How to limit the number of edits per user per day


  2. Look into the guide on combating vandalism. It contains a number of extensions and configuration parameters that can be used to detect and outright prevent some behaviors.
  3. Determine a solution suitable for your community. Perhaps you rate-limit new accounts to 1 edit per 5 minutes until they've reached a certain time and/or edit threshold ("autoconfirmed"). Perhaps you run bots that patrol for bad actors and send out notifications for humans to look at before things get too out of hand. The exact solution is not a one-size-fits-all sort of thing and depends largely on your community and what you want the wiki to achieve.
  4. Increase monitoring of RecentChanges so that similar events can be caught more quickly in the future and the offending user blocked before they cause massive damage.
  5. Ensure you have scheduled backups of the wiki database, so that in a worst-case scenario type of thing you can roll back to a known-good backup.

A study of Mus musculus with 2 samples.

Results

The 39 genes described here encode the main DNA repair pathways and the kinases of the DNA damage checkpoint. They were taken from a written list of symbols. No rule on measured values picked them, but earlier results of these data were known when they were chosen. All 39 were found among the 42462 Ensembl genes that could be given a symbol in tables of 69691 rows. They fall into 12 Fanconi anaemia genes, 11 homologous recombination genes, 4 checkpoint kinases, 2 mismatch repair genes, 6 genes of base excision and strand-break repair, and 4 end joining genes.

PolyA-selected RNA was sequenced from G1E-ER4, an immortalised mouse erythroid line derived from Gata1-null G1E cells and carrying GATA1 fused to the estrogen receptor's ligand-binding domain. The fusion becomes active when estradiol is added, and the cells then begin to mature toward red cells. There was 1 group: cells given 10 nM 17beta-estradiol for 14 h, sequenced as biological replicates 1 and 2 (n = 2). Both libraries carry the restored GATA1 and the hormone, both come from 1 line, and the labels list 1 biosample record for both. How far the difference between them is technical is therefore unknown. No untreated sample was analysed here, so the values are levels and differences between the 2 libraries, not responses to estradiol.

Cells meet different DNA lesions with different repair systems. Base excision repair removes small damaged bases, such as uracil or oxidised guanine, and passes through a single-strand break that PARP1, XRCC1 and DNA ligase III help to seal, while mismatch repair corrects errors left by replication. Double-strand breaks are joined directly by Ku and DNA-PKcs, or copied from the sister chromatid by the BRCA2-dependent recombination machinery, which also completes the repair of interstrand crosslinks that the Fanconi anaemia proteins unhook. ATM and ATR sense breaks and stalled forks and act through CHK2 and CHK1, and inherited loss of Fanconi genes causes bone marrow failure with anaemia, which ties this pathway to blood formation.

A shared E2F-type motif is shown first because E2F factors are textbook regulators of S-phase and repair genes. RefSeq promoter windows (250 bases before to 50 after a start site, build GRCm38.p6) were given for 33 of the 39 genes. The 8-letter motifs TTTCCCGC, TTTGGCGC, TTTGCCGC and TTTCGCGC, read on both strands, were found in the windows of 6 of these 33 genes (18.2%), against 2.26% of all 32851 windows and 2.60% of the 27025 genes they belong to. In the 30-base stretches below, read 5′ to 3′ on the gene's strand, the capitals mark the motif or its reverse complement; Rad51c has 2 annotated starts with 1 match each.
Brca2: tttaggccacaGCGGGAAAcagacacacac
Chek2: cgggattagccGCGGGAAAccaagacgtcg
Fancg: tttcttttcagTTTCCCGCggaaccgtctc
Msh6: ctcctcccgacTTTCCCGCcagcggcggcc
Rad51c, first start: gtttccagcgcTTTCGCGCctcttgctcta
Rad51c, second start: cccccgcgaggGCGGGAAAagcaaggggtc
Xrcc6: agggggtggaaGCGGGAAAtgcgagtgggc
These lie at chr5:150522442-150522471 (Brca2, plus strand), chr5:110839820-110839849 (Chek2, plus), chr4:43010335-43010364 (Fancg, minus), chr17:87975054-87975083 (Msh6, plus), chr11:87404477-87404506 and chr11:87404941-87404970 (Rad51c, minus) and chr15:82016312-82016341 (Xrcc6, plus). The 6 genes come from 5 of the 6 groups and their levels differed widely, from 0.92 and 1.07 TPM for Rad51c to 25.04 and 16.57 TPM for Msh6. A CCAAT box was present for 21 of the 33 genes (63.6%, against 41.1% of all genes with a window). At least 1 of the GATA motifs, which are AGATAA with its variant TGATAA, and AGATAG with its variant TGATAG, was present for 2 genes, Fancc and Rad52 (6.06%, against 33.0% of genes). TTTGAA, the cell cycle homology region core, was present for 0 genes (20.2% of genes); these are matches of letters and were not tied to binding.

A large benefit of MediaWiki is that pretty much every action a user can take can be reverted. It's a time-consuming process to revert hundreds of edits manually (bots, extensions, and maintenance scripts can help with this), but it's doable. The amount of attention this requires may be beyond the capabilities of some small wikis, however. Those wikis may find it easier or better to implement measures that block or restrict bad behavior up front (even if it has a chance of affecting legitimate users as well) simply due to the resources needed to quickly patrol everything shortly after it happens are nonexistent. The end solution is largely up to you, however. See the link I gave for some tips on tools you can use that may help.